Saudi Arabia said on Tuesday it had broken up an 11-strong “terrorist cell” planning attacks and kidnappings and that it had seized guns and ammunition from the group.
The members of the “terrorist cell” — a common government reference to al-Qaeda and related groups — were arrested near the border with Yemen, interior ministry spokesman General Mansur al-Turki said.
The group, all Saudis, was planning to attack police installations and undertake kidnappings and robberies to finance their operations, Turki said by telephone.
“They were almost ready to start with acts against the kingdom,” he said.
It was too early to say precisely what their possible links to other groups were, he said, but he added: “They do have relationships to others outside the kingdom.”
They were equipped with small arms, such as pistols and shotguns, and their planned attacks were focused on the immediate area in southern Saudi Arabia, Turki said.
“They were not arrested at once, but taken one by one, until we were certain we had all of them,” he said.
In a statement, the ministry said the men had hidden themselves in a mountain cave near the border with weapons, food supplies, cameras and other equipment.
Saudi Arabia has been concerned during the past year over the rise of an al-Qaeda affiliate in Yemen and its contacts with Saudi radicals. Several known Saudi militants have made their way into Yemen to join al-Qaeda operations there.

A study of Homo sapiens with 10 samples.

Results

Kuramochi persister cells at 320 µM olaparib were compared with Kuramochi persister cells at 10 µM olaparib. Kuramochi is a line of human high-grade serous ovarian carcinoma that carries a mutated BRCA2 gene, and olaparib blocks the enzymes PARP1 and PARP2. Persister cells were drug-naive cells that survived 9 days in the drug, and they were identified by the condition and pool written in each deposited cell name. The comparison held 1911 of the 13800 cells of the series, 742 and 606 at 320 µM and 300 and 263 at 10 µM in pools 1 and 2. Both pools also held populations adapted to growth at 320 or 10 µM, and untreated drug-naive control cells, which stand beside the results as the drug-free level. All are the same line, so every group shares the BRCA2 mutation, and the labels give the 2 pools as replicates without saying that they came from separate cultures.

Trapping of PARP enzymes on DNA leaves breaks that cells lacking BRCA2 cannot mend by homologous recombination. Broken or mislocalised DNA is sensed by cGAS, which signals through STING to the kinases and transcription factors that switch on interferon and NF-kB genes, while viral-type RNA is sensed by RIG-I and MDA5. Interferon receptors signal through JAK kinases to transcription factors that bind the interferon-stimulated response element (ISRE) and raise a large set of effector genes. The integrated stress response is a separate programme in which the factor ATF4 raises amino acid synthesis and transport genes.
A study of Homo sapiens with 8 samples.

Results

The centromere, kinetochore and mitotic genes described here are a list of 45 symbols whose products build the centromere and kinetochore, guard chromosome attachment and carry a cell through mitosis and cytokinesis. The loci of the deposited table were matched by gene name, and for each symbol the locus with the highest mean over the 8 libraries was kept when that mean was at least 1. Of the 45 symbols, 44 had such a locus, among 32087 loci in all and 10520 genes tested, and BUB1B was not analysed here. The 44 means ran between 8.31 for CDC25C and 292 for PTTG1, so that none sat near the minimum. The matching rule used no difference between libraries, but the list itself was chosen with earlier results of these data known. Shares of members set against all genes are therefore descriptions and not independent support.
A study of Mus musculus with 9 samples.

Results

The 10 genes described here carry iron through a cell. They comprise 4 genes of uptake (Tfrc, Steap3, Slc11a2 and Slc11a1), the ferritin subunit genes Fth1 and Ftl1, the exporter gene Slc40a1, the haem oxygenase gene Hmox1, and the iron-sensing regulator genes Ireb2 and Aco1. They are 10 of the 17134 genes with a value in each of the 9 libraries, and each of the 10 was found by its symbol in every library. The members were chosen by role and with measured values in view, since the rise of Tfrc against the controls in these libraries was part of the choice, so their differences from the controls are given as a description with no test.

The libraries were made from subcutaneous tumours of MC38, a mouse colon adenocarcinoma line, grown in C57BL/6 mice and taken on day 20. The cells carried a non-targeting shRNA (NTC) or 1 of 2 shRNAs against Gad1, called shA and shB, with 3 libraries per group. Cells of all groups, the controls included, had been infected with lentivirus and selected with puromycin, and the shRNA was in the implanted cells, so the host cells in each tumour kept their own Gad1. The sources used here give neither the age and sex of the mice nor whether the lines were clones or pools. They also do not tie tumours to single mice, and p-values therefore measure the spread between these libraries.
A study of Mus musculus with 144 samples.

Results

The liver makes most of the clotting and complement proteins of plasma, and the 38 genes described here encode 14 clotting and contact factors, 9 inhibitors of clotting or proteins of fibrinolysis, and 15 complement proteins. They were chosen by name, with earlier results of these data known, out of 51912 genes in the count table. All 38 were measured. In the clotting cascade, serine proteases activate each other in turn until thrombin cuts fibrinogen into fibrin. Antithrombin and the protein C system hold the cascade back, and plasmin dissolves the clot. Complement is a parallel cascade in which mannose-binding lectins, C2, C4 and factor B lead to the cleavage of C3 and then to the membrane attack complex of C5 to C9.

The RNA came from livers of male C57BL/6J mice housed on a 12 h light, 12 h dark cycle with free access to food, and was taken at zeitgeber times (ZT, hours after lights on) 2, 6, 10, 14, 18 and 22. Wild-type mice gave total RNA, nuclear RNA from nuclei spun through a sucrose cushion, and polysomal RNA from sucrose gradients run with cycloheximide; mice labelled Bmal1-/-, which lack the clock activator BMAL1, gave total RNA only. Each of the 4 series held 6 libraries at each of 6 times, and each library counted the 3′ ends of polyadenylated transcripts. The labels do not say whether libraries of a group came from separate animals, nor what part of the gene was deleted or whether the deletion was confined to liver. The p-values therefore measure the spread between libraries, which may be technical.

In January the Yemen branch of al-Qaeda announced in an Internet video message the merging of the Saudi and Yemeni branches into what it called al-Qaeda in the Arabian Peninsula, led by a Yemeni, Nasser al-Wahaishi.
Saudis have pressed Sanaa to take action against the group after a spate of attacks on foreign and government targets, including two suicide bomb attacks on South Korean tourists last month, leaving four dead, and two attacks last year on the US embassy.
In the past three months Yemen has handed over a number of militants to the Saudis, including a former Guantanamo prisoner, Mohamed Atiq Awayd al-Awfi, who had gone through Riyadh’s rehabilitation program for militants.
The Saudis had believed he had given up his support for radical Islamic groups, but he was reportedly lured by others to join up again with Islamic fighters inside Yemen.
At the end of last month, Yemen turned over to Saudis five more men it had arrested, including Ali Abdullah al-Harbi, who was on a Saudi most wanted list.
The Saudi government has cracked down hard on Islamic militants after a spate of attacks around the country during 2003 to 2004 left scores of foreigners and Saudis dead.
Hundreds of suspected Islamist sympathizers were killed or arrested in the wake of those attacks.
In February Riyadh released a list of 85 men wanted for ties to al-Qaeda or other militant groups, 83 Saudis and two Yemenis. Three people on the list, which was handed over to Interpol, have since been captured.